Wednesday, February 22, 2017
The Book Jumper by Mechthild Glaser
While the prospect of jumping into a world built around literature isn't the newest concept I've ever heard (Pagemaster, anyone?) it's always at least worth checking out. Written originally in German, this is Ms. Glaser's first book to be translated into English and shared with us over in the US. How does this literary adventure turn out? Let's dive right in.
Amy Lennox travels to Scotland to visit her grandmother on the mysterious island of Stormsay. It is here that Amy discovers that members of her family have a rare gift: the ability to jump into books and venture into the world of literature. Here they can witness the story unfold around them and interact with the characters and work with them to keep the story intact. But while the power is amazing, she soon discovers that it is not all fun and games. Amy must contend with an old family feud, secrets, and a mysterious thief who is threatening to destroy the book world forever.
First off, the premise of this story is a very good one. Getting to see all into the worlds of these famous stories (well, stories that are public domain, anyway) is actually very interesting. Each book character has great personality and the atmosphere of the Margin (a Diagon Ally-esque hub where characters can come and take a break from their stories and mingle) is all very well described and makes for a great concept. It builds a sense of community among the book characters, fleshing them out into three dimensional characters beyond their established plots. We get to see well-known characters like Shere Khan the tiger, the witches from Macbeth, and the White Rabbit. We also meet lesser known characters such as The Little Prince and Werther from The Sorrows of Young Werther by Goethe, who becomes a very likable and helpful character.
Outside of the book world also manages to be interesting. The best thing about this book is the mystery and the concept behind the book thief. The mystery is handled very well, with several false leads, different suspects, and possible motives. It's just as a mystery should be. Also, there's the prospect of someone on the island stealing ideas from the book world, essential ideas, and using them to create a new story. That's a really clever idea and also a subtle warning about plagiarism and how it does, indeed, hurt literature. Very smooth, Ms. Glaser. Very smooth indeed.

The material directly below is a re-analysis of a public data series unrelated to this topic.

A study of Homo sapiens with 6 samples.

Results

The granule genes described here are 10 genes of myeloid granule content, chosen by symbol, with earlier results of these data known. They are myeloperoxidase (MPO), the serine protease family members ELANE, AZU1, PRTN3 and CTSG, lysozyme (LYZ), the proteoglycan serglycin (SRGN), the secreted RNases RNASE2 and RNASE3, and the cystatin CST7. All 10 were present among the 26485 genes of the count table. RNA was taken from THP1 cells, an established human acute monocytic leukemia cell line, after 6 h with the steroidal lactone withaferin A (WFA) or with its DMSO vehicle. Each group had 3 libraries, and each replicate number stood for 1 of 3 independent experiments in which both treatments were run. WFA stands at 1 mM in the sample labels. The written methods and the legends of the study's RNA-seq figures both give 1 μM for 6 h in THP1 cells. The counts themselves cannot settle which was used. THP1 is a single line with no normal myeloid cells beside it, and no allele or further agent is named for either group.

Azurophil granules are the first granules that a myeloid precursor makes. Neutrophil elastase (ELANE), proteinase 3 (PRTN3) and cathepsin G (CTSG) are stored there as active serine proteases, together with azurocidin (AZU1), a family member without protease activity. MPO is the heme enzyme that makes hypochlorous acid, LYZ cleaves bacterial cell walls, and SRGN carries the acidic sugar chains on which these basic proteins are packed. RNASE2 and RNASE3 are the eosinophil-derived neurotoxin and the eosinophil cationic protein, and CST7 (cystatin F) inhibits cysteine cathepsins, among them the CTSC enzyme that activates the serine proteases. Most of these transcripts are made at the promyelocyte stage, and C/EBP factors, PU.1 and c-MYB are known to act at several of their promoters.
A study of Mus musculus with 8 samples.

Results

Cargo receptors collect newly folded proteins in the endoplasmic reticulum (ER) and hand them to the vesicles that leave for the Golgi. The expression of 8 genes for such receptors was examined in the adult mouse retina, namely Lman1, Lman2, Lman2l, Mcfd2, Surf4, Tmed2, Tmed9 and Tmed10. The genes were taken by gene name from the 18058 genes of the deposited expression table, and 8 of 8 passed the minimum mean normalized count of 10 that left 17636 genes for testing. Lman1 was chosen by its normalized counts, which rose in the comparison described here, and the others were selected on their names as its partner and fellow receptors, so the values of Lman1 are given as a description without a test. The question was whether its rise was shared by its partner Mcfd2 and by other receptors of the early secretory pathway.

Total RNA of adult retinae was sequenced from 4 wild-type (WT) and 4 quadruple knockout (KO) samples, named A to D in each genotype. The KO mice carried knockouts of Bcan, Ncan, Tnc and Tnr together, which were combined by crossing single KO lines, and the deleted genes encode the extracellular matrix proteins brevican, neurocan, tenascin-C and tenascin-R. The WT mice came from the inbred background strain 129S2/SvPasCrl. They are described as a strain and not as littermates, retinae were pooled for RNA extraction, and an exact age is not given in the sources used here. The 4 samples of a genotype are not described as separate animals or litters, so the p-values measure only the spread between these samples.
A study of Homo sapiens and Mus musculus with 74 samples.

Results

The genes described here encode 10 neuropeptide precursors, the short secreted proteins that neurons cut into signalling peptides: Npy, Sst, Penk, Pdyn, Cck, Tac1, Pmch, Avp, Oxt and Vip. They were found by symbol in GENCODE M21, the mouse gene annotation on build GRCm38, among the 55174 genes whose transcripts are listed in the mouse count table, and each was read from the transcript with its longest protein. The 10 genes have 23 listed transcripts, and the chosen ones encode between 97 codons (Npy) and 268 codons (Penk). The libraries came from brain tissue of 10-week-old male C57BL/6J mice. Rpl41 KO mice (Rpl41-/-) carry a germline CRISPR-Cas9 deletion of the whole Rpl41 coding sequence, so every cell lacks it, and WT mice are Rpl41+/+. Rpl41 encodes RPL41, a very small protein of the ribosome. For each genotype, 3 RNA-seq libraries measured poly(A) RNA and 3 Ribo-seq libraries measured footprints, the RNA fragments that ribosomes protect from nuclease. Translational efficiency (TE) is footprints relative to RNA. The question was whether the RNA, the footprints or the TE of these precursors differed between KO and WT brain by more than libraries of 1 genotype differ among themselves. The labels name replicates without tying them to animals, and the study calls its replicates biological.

Now does this book have a downside? Yes. That would be the main character. Now Amy, by far, isn't the worst main character I've seen in a book. She's not an unintentionally horrible person or overly perfect or anything. Ultimately Amy's problem is that she is so unbelievably bland! She has little in the way of genuine personality and, once again, everyone with the exception of the obligatory mean girl instantly loves her. While there are times when I appreciate the author not giving in to typical tropes of brooding and overreacting to every little thing like some characters do, it can sometimes come off like nothing really affects this girl at all. She takes everything with an almost unbelievable ease that nobody would really have. On the other hand, I do like that she and her love interest take time to fall in love. Almost a whole summer before they realize their feelings. She also doesn't find him instantly drop dead gorgeous but discovers his beauty as she gets to know him. This is much better than I've seen recently and I do appreciate it. It just kind of sucks that the story is being told from the perspective of such a meh character. Someone with a bit more depth and this would have been much better, for me at least.
Summing up this book in one word, it would be: clever. The concept, while not new, is clever. The story is clever. The plot is clever. It just does a great job of setting and build up that, if you can ignore the flaws of the main character, then I'd say this book is definitely worth your money at your local bookstore.
Have you read the book? What did you think? Comment below and share your thoughts.
Next Time: The Clankers and the Darwinists march to Istanbul...or is it Constantinople?